Our gastrointestinal system has a close relationship with our health; increasing evidence has shown. There is a community of bacteria called the microbiome that lives in our gut, made up of many different strains that can be beneficial, or harmful. The lining of the gastrointestinal system also plays a critical role in our health; it forms a protective barrier. When that breaks down, microbes can get through and enter the bloodstream, and then travel on to other organs, causing disease.
Autoimmune diseases happen when the body’s immune system mistakes our own cells for foreign invaders that have to be eliminated. Such disorders have been connected to the gut microbiome. In research reported in Science, investigators led by Dr. Martin Kriegel of Yale studied the link between bacteria from the gut and autoimmune disorders.
In this work, the scientists used a mouse model of autoimmune disease to assess how antibiotics influenced their condition. After determining that those mice carried bacteria in their lymph nodes, liver, and spleen, it was found that the vancomycin or ampicillin antibiotics suppressed that bacterial growth.
The researchers identified a bacterium called Enterococcus gallinarum in those mice. After exposing mice that were free of all bacteria to that single strain, the bacterium penetrated the gut barrier. It then moved on to the lymph nodes and spleen, triggering an autoimmune response in the germ-free mice.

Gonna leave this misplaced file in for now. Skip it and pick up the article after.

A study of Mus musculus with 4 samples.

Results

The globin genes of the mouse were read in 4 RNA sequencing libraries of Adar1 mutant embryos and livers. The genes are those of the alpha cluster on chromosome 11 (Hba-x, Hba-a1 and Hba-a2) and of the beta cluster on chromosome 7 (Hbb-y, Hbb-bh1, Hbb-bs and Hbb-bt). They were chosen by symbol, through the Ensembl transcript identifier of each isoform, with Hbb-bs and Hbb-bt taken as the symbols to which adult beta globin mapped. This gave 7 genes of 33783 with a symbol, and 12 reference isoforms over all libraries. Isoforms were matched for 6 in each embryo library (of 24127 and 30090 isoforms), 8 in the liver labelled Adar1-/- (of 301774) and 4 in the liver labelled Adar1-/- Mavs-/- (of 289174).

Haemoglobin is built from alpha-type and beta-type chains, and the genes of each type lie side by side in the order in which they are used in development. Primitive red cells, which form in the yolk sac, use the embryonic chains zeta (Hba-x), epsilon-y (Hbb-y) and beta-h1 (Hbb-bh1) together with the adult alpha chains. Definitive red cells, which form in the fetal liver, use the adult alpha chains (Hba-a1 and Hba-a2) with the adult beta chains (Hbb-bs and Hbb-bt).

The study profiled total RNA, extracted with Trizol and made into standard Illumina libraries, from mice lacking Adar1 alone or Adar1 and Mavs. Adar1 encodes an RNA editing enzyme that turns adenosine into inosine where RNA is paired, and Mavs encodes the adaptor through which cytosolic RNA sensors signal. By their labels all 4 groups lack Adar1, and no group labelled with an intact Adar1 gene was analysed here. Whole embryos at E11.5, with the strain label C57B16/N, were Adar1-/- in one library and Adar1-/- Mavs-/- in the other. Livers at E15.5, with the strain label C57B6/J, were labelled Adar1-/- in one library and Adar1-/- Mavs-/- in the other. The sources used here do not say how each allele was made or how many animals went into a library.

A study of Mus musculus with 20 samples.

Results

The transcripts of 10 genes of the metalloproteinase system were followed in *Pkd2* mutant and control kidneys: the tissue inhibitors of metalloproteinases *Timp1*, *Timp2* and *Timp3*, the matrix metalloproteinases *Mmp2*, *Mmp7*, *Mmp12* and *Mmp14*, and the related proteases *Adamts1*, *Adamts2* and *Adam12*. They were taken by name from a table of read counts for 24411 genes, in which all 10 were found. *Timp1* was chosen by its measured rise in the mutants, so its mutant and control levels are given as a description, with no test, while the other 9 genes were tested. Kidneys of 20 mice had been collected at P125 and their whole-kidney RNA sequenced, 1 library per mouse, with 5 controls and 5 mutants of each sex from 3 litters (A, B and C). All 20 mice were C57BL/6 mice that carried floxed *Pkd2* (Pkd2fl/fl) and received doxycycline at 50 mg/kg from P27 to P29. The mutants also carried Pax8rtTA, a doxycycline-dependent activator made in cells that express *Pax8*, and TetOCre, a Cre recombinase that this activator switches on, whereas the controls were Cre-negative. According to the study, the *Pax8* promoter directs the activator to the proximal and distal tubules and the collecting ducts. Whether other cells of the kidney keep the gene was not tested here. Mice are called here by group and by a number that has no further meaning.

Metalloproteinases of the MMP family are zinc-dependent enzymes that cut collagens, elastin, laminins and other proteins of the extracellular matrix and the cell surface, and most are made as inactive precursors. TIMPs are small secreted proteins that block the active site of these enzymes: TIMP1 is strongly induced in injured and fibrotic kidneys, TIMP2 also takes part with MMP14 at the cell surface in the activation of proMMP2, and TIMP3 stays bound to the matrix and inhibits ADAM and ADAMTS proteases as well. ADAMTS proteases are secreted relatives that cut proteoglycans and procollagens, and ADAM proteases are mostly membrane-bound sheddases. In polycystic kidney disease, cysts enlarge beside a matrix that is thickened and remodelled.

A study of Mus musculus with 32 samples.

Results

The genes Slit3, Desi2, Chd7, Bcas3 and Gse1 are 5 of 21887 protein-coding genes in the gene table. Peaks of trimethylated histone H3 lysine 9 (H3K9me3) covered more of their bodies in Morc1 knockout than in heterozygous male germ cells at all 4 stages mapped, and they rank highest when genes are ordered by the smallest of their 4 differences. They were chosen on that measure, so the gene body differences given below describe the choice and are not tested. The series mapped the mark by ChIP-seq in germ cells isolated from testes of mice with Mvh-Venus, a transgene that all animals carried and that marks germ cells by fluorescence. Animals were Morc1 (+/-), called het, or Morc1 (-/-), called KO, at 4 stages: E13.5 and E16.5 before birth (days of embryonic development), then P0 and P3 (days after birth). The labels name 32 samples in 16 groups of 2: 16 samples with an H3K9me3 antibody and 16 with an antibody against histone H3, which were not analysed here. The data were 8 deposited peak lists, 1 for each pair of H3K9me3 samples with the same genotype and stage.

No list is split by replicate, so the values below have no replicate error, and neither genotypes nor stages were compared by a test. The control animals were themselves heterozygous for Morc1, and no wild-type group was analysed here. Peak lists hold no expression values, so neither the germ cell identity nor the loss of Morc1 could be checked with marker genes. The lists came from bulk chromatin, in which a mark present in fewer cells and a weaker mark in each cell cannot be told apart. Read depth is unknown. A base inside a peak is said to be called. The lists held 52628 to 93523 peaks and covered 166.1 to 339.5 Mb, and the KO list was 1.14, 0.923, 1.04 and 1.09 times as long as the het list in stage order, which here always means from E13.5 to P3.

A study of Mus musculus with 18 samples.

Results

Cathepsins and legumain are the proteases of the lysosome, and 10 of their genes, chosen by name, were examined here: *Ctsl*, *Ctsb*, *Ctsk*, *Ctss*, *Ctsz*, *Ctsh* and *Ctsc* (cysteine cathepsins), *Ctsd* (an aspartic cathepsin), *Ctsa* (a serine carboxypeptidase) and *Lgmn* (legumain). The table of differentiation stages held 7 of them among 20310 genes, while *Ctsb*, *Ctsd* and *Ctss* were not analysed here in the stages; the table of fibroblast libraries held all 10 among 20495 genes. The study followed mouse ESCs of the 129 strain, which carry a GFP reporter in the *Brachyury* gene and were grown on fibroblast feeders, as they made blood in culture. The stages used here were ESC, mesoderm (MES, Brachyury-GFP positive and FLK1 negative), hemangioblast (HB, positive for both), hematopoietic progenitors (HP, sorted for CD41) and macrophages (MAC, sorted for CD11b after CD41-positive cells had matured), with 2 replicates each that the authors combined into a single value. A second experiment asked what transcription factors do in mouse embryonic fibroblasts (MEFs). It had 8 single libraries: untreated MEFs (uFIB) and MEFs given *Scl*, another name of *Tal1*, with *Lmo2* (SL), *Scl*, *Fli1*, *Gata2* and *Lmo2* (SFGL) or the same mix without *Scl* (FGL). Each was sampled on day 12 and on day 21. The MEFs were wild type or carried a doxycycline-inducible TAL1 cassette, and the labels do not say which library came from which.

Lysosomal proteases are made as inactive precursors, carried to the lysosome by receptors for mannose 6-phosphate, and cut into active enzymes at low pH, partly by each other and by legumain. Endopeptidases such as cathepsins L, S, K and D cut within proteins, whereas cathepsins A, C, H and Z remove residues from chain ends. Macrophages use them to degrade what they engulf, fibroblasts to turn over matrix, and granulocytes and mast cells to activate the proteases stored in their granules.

A vaccine and an antibiotic were explicitly created for E. gallinarum and given to the mice. Their survival was extended, and the immune response in those animals was blunted. The bacterial strain was successfully eliminated from the organs of the vaccinated or treated mice. This experiment demonstrated that in their model, it is possible to target a specific microorganism and dampen the immune response but not remove it entirely.
“The vaccine against E. gallinarum was a specific approach, as vaccinations against other bacteria we investigated did not prevent mortality and autoimmunity,” Kriegel said.
This bacterium was also identified in liver samples from people with autoimmune diseases; several patients with lupus and autoimmune liver disease harbored the microbe. Biopsies from healthy liver samples did not contain that bacterium.
This work shows that pathogenic bacteria can get through the barrier in the gut and cause illness. It will hopefully open up new treatment avenues for autoimmune diseases.
“Treatment with an antibiotic and other approaches such as vaccination are promising ways to improve the lives of patients with autoimmune disease,” concluded Kriegel.